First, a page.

SEC slams NYSE for sending market data to proprietary customer feeds before the one for the wider public (“the disparities ranged from single-digit milliseconds to, on occasion, multiple seconds”).
And it does a diagram.
This is a pretty big intervention into the world of exchange data feeds, which are grist to the mill of algorithmic trading.
Full order against the NYSE – which will pay a $5m fine as part of its settlement, the first by an exchange to the SEC – here. It seems to have jumped on to the regulator’s radar after the Flash Crash…
The magnitude of the disparities became pronounced after the beginning of the May 6, 2010, market event that became known as the “Flash Crash.” By that day, NYSE had fixed the software issue in the path to the Network Processor in approximately half of the relevant computer servers but, under the stress of sustained record-breaking order and trade volumes, servers still running the old software experienced substantial delays transmitting trade reports and quotes in the approximately 1,665 securities they processed. During the two five-minute periods between 2:40 p.m. to 2:50 p.m., these servers processed over 4.8 million quotes. The average delays for those quotes during those two periods were approximately 3.7 and 5.3 seconds, respectively. In contrast, the average processing times for the two proprietary feeds were under 2 milliseconds and under 16 milliseconds, respectively.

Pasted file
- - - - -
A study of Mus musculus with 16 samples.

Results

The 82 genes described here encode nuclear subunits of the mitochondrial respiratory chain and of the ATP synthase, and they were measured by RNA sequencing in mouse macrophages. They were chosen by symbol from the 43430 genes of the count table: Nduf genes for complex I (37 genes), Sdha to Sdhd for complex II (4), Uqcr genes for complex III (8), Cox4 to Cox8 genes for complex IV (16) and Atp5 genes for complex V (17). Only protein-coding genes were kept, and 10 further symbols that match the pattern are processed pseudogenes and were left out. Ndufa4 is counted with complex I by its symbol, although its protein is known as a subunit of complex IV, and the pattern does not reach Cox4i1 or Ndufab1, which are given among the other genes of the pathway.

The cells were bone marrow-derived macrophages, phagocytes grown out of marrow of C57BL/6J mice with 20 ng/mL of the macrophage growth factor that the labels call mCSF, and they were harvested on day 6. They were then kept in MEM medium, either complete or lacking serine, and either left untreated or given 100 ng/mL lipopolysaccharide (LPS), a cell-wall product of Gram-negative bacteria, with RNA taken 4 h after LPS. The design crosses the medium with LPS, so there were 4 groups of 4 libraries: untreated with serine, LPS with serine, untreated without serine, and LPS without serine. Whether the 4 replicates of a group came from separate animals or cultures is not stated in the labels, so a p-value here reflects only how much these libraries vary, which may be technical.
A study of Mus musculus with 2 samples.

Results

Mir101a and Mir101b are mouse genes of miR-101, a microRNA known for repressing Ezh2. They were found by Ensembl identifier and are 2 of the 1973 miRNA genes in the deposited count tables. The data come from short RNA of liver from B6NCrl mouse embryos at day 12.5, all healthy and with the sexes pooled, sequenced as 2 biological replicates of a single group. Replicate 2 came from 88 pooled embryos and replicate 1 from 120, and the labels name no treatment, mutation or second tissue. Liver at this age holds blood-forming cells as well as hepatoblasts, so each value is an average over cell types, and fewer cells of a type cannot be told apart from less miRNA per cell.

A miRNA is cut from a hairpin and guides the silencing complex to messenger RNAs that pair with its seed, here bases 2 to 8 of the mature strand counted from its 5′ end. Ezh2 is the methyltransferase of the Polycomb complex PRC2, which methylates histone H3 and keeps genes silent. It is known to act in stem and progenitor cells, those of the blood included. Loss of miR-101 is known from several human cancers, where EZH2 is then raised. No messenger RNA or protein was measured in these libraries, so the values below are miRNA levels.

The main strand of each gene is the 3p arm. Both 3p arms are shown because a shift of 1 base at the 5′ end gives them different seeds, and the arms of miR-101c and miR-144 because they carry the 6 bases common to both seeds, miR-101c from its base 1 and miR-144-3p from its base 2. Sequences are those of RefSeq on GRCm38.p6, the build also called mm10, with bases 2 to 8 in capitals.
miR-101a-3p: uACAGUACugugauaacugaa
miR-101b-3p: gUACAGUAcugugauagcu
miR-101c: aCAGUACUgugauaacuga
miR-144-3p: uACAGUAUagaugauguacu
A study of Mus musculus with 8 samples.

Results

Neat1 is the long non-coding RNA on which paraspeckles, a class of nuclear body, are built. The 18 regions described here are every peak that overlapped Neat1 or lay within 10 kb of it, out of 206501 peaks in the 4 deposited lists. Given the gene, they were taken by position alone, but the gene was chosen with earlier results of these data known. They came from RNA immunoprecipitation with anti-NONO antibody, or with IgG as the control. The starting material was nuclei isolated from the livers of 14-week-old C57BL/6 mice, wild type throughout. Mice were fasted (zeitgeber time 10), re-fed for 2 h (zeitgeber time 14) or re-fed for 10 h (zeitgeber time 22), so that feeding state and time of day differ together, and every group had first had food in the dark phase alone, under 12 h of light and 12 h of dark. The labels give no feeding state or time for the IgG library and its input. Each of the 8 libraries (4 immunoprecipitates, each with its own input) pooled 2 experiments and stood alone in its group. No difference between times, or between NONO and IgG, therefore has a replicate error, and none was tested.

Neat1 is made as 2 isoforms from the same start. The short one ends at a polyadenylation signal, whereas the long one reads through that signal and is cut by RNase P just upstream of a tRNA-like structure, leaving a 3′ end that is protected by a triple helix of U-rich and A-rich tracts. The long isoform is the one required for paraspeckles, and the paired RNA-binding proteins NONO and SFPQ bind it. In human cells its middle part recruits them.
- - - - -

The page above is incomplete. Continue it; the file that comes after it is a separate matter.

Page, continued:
The most significant quote delays occurred from 2:43:15 p.m. through 2:46:59 p.m. During each 15-second interval in this time period, the average delays on the affected MDD servers exceeded 4.6 seconds and, in seven of those intervals, exceeded ten seconds. During this period, these MDD servers processed approximately 2 million quotes, of which approximately 1.65 million (81%) had delays exceeding one second. In four of these 15-second periods, every quote was delayed by more than one second.